1) UK and US interest rates will rise

Finally, more than six years after the Great Recession first struck, there are clear signs that both the British and American economies are recovering strongly.

The Fed is already talking about "tapering" – cutting back – on its policy of quantitative easing in the US. Bank of England governor Mark Carney is also making bullish noises about the British economy.

When one translates these comments from central banker-speak into plain English, it is clear that both the Fed and the Bank of England are getting ready to raise rates.

2) The dollar and sterling will rise in value against the euro

Higher US and UK interest rates will push the value of the dollar and sterling higher against the euro on the foreign exchange markets.

This will be good news for Irish exporters, whose goods will be more competitive in export markets, but bad news for consumers who will pay more for imported goods.

3) Higher inflation caused by a weaker euro will lead to all-out war within the ECB

Last November's interest rate cut, which was rammed through in the face of fierce German opposition, demonstrated conclusively that the ECB council is split down the middle.

This situation will worsen in 2014 with Germany and its Dutch, Austrian and Finnish satellites demanding higher interest rates to choke off higher prices in their countries and the rest of the Eurozone resisting these demands.

The future of the single currency – if it has one – will be determined by the outcome of this battle.

4) NAMA will be broken up

The recent controversy surrounding NAMA, with allegations that former staff members had leaked information on borrowers to commercial rivals, has brought its previously invincible status to an end.

With the property market slowly recovering, the politicians will be taking a much closer look at NAMA in 2014. This is likely to result in it being wholly or partially broken up, with the management of at least some of its €32bn property portfolio being hived off to outside managers.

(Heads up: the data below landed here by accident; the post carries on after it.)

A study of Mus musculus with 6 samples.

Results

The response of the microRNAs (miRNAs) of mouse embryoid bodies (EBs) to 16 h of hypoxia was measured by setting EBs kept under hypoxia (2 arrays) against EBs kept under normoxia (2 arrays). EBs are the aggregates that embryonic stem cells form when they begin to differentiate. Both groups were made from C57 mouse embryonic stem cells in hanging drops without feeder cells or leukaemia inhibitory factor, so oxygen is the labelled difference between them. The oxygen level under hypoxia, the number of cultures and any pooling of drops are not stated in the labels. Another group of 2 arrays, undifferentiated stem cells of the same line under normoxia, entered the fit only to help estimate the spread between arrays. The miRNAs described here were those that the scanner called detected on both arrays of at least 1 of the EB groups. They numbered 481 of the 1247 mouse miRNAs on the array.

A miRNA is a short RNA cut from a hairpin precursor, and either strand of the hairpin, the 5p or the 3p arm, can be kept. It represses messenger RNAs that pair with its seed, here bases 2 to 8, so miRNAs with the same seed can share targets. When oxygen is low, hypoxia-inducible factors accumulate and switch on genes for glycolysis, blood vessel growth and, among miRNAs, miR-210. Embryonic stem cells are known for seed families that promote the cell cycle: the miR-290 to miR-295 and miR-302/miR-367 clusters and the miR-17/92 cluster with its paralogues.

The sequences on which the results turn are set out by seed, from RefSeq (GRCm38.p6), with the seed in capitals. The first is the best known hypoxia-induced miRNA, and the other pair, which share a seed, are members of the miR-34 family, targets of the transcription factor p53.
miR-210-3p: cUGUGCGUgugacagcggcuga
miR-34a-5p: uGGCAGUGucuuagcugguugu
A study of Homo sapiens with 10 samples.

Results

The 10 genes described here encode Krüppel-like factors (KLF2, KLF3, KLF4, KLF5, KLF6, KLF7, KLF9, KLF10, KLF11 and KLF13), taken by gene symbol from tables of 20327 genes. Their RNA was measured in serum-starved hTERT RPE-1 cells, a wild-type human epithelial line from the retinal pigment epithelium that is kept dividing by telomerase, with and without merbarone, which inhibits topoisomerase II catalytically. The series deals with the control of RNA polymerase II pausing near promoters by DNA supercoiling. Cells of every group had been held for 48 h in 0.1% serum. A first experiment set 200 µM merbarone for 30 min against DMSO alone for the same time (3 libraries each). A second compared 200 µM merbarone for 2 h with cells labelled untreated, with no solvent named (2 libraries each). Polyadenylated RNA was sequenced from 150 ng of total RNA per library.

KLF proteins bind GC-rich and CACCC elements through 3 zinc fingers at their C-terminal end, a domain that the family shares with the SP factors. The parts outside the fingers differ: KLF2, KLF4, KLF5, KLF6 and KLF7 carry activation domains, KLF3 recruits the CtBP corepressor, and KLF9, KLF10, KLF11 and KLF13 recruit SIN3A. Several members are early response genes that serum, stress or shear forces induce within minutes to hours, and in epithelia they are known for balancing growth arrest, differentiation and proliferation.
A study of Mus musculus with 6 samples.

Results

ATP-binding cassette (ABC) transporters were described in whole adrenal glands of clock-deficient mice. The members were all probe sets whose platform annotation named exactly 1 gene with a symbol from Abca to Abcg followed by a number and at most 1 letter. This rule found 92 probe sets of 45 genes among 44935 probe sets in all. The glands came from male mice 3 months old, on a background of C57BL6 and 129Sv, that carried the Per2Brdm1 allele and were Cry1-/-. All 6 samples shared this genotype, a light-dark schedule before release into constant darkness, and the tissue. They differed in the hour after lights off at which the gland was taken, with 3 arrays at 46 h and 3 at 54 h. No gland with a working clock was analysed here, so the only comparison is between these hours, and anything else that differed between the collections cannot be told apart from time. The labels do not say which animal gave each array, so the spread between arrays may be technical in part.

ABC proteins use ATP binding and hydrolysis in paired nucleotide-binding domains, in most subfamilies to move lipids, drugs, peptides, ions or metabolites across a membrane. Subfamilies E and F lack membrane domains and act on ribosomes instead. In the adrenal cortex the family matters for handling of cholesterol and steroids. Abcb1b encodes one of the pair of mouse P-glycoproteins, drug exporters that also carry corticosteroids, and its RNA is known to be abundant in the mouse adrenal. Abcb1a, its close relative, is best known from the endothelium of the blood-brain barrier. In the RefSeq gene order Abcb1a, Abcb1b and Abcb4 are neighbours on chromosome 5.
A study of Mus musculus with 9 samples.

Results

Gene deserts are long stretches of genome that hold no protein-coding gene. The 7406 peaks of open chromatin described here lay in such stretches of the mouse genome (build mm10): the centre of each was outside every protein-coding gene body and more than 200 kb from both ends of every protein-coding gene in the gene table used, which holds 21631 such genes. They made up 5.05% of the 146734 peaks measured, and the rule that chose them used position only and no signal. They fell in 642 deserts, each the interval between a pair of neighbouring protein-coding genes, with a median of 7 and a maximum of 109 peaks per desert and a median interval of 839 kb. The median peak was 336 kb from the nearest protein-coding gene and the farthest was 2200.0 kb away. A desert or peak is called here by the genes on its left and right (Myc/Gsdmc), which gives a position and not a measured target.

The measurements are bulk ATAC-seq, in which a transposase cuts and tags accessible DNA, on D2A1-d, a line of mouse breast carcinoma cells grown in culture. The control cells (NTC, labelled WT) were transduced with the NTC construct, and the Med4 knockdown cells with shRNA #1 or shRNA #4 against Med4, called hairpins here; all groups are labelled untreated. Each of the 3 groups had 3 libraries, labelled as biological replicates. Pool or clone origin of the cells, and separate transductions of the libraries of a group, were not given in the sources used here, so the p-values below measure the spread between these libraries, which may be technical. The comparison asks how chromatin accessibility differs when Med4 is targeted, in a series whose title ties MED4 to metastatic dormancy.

5) The property market recovery will pause

After six-and-a-half years of falling prices, the property market (left) bottomed out in 2013, with prices rising by 6.1pc in the 12 months to October.

This may be as good as it gets for the time being. With new mortgage lending down by more than 95pc from its 2006 peak and the pool of cash buyers – more than a third of all purchasers – likely to dry up, the housing market will pause for breath in 2014.

6) At least one of the Irish banks will require more capital following the ECB stress tests

The ECB is due to publish the results of its stress tests of the Eurozone banks, including the Irish banks, this year.

With a third of all mortgages either in arrears and/or having been restructured, half of all SME lending distressed and lots of other bad loans on their books, most analysts expect that the State will have to pump even more money – on top of the €64bn which the banking crisis has already cost the taxpayer – into our broken banks as a result of the stress tests.

7) A hole in its pension fund will sink at least one major Irish company

The pension sector is in crisis. A combination of increased longevity, poor investment returns and government raids has left most company pension funds in serious deficit, with estimates of the combined shortfall running as high as €25bn.

With many companies not having the cash to plug the holes in their pension funds and the trade unions getting bolshie on the issue, expect at least one big-name company to come to grief over the issue in 2014.

8) The end of milk quotas will lead to a wave of dairy mergers

With milk quotas set to expire at the end of March 2015, stand by for a sizeable wave of mergers and acquisitions in the dairy sector this year.

Only Glanbia, which is already the largest dairy processor, is certain to survive in anything resembling its current form in 12 months' time.

9) The need to find more capital for the banks will lead to further privatisations

In 2013 the Government flogged off Irish Life, Bord Gais Energy and the National Lottery for a combined total of more than €2.8bn.

The national car boot sale will certainly continue this year as the ECB stress tests force the Government to find more cash.

Possible sale candidates include the national electricity grid, the gas pipeline network, Dublin Airport Authority, Irish Water and the sea ports.

10) Retail sales will finally begin to recover

This will be the year in which retail sales (left), down by more than a quarter since 2007, begin to recover. With more people at work and the economic outlook improving, shoppers will return to the main streets and malls.